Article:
New! Have a look at our new wish list feature which allows you to add your favourite plants to a wish list to email or print off for your convenience
their importance to the environment go without saying, however, in the brief context
of our website we need to limit ourselves to focusing on the smaller scale to
suit our urban lifestyle. The use of native aquatic plants should be a goal for all water
garden designs. Those seeking to design
and construct a more natural looking landscape should consider that natural billabongs or habitat styled ponds tend to be free
flowing in design. Incorporating a stream
or waterfall into the landscape also creates an element of excitement. These ponds are generally not designed as
centrepieces and work best if they utilise they natural slope of the landscape.
How do native
aquatic plants attract wildlife to my garden?
is the life blood of any living garden. Native aquatic plants help to breathe life into a
billabong and its surrounds. The
wildlife is attracted through not only the availability of water, but also food,
shelter and for many, a site to live and breed.
can feed directly from the plants leaves, roots and seeds, or indirectly
through the attraction of native insects and microorganisms that become the
food source for those that are higher up the food chain. Rushes and sedges are often the source of
nesting materials for birdlife, the seeds as food and the leaf stems can form
sites for some frogs to lay their eggs. The
native aquatic plants not only aid in supporting
the lives of those that depend on the water, but also the neighbouring land
wetlands may attract wild life, but are they attracting the wildlife that
belongs in that area? In some ways this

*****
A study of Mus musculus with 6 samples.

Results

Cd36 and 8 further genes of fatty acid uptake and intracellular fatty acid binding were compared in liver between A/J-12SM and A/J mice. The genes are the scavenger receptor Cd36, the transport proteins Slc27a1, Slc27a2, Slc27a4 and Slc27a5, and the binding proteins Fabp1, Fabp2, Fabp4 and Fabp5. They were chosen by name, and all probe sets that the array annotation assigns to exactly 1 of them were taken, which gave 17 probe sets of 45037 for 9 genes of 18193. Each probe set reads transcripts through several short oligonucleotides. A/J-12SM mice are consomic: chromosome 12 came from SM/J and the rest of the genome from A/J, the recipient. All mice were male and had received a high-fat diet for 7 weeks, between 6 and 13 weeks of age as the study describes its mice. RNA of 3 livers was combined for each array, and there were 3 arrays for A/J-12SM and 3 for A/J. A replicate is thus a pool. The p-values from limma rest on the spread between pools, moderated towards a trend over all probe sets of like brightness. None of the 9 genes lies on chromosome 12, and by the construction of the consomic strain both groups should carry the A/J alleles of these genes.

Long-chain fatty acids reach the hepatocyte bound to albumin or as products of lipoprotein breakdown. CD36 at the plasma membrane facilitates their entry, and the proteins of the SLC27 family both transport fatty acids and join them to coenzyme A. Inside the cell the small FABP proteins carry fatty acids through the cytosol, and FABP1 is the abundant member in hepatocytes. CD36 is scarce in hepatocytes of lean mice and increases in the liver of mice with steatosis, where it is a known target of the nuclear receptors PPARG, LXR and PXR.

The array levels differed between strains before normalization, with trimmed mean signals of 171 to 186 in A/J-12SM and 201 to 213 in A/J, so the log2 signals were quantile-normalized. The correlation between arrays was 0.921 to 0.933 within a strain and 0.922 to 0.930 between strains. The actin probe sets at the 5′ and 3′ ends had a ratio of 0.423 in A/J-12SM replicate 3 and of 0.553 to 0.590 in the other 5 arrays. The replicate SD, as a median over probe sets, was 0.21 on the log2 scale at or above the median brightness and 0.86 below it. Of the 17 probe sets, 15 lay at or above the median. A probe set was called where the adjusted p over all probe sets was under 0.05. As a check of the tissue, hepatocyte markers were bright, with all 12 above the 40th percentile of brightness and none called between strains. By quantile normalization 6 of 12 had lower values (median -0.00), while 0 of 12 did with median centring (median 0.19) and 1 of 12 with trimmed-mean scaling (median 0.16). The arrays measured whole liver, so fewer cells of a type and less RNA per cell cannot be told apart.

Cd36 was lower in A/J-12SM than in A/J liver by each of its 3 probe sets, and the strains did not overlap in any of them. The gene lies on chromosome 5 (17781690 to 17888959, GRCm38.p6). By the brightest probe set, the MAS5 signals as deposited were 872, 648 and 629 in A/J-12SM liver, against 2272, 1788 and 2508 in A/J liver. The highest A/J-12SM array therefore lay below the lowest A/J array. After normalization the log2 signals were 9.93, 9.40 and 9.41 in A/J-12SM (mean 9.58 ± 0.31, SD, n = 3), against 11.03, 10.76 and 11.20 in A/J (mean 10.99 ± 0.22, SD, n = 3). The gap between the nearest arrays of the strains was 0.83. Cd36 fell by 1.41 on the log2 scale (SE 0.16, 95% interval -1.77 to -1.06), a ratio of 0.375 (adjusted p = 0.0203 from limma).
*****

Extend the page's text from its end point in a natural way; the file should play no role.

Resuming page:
is the impossible question and in some instances will be impossible to solve
due to the influences of European settlement.
Can I mix native
aquatic plants with introduced exotic plants?
a contentious issue for some. Building a
habitat water garden in a suburban landscape, using native
aquatic plants combined with introduced exotics, can still help create
an environment that helps frogs and other wildlife survive drought. By observing nature in your own backyard, we
can see firsthand how an investment in our own environment, helps to create a
better future for all. They can be
gardens that the whole family can enjoy.
Children will be inspired to take an interest in, not only the Googled
world, but what can actually be found in their own backyard.
How do I decide which native aquatic plants to
This will depend on a number of factors. Planning is the best answer.
- The goals - Understanding
what you are trying to achieve, the purpose and intended use of the water
garden. Is it a pond that is permanently
kept full or a rain garden, with water captured only when it rains and allowed
to dry out in between? If you have a more formal styled pond but still wish to
use some native aquatic
plants then the
selections need to replicate the look that you are trying to achieve, for
example selecting Nymphoides species as a substitute for waterlilies. If you seek to plant an indigenous water
garden, then it is recommended to observe local plantings and also seek out
information from local government bodies.
- Site location
- This will affect not only the scope of the project but also the plant
selections for all their own needs such as how much sun or shade they get. How warm the water gets. Is it frost protected?
- Space - Whether
a courtyard or a larger urban garden, this will affect the range and scope of any
- Water depth -
This affects not only what native aquatic plants can be planted, but if you are trying to achieve an ecologically
balanced pond then a selection from all pond zones is important. As each occupant depends on each other for
- Aesthetics -
There is nothing wrong with trying to make the pond look attractive. If we don't get any pleasure from our water
garden, then we tend to neglect it. Not
only do we suffer, but so does the wildlife.
Choosing native aquatic
plants of varying
heights as well as those that suit different water depths gives us the ability
to create a more natural looking landscape.
- Regulations -
Some councils or environmental departments may have regulations on the types of
plants that may be used. Some native aquatic plants may be regarded as aquatic
weeds in some areas.
- For plant selection lists, refer to our Australian
Native Plants page
- For information on the plant care and
maintenance of native aquatic plants, go to
our Tips & Hints page.
- Click on the following link for information on aquatic
Please use our store
locator to contact your nearest garden centre, to place an order.